Low back pain is the leading cause of disability in Americans under the age of 45 and the most common physical condition leading to doctor visits. Many new studies are now questioning the causative role of disc herniations, osteoarthritic changes, and spinal stenosis in low back pain. Results show that although association is high, causality is low. One study divided people into two groups: one with a long history of low back pain, the other with no history of pain. When researchers compared X-rays, MRI’s, and CT scans there was no physical difference between the pain and non-pain groups. In fact, the spinal pictures of the non-pain group often looked worse. Because of this many orthopedists and neurosurgeons are now learning to treat the patient, not the picture.
Some doctors now recommend two years of physical therapy before getting any kind of surgery on the back. In 2006, The Journal of the American Medical Association found that over this period of time, patients with low back pain and leg pain improved nearly as much as those who went under the knife, with differences in outcome described as “small and not statistically significant.”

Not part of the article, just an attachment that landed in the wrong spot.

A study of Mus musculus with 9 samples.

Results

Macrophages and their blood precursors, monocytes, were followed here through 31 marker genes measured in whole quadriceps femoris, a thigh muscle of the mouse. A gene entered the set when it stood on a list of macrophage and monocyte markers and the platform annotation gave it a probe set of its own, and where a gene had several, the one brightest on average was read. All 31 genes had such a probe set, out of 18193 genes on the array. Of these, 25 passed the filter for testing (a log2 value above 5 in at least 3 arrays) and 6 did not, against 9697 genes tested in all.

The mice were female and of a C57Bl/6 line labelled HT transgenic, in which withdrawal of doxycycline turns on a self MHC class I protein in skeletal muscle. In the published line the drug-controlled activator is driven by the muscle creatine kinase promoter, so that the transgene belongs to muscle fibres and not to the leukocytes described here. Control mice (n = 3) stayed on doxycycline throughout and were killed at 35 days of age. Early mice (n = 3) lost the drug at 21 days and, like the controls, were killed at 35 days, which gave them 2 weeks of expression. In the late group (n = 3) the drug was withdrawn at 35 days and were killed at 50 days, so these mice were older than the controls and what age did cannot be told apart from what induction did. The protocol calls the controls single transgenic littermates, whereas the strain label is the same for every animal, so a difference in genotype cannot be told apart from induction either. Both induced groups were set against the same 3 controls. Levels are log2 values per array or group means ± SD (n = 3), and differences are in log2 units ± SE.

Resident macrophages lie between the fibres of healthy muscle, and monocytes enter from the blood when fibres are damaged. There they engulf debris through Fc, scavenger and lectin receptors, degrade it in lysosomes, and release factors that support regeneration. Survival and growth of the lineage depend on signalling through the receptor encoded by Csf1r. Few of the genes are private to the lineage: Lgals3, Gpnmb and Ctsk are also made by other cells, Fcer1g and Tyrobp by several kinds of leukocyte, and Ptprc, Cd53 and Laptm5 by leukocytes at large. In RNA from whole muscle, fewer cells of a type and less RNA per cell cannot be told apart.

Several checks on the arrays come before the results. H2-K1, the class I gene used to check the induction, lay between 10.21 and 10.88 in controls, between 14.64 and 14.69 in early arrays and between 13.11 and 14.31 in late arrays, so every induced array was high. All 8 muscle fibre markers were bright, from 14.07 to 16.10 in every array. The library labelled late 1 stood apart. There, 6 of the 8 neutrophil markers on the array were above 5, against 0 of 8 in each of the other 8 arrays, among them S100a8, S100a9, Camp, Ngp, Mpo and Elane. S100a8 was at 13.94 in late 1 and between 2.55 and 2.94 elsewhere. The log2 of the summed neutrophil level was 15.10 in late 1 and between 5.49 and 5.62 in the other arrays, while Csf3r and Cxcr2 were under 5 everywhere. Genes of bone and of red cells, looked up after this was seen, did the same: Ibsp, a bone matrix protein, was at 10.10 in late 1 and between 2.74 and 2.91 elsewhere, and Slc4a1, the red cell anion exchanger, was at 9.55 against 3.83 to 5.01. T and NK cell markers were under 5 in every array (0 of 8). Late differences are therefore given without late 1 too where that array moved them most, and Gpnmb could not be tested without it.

As we come to accept that our bodies begin to breakdown with age, an increase in pain doesn’t have to be part of this breakdown equation. The table above, from a study published in the American Journal of Nueroradiology, shows that although one-third of adults over 20 show signs of herniated disks, statistically only 3% of these disks actually cause symptoms.
So if low back pain is not a problem with the skeletal structure, it is most likely a problem with the soft tissues of this area. Getting massage from a well trained and therapeutically-minded massage therapist, coupled with low stress aerobic exercise such as walking or swimming could relieve your back pain without the high cost of surgery.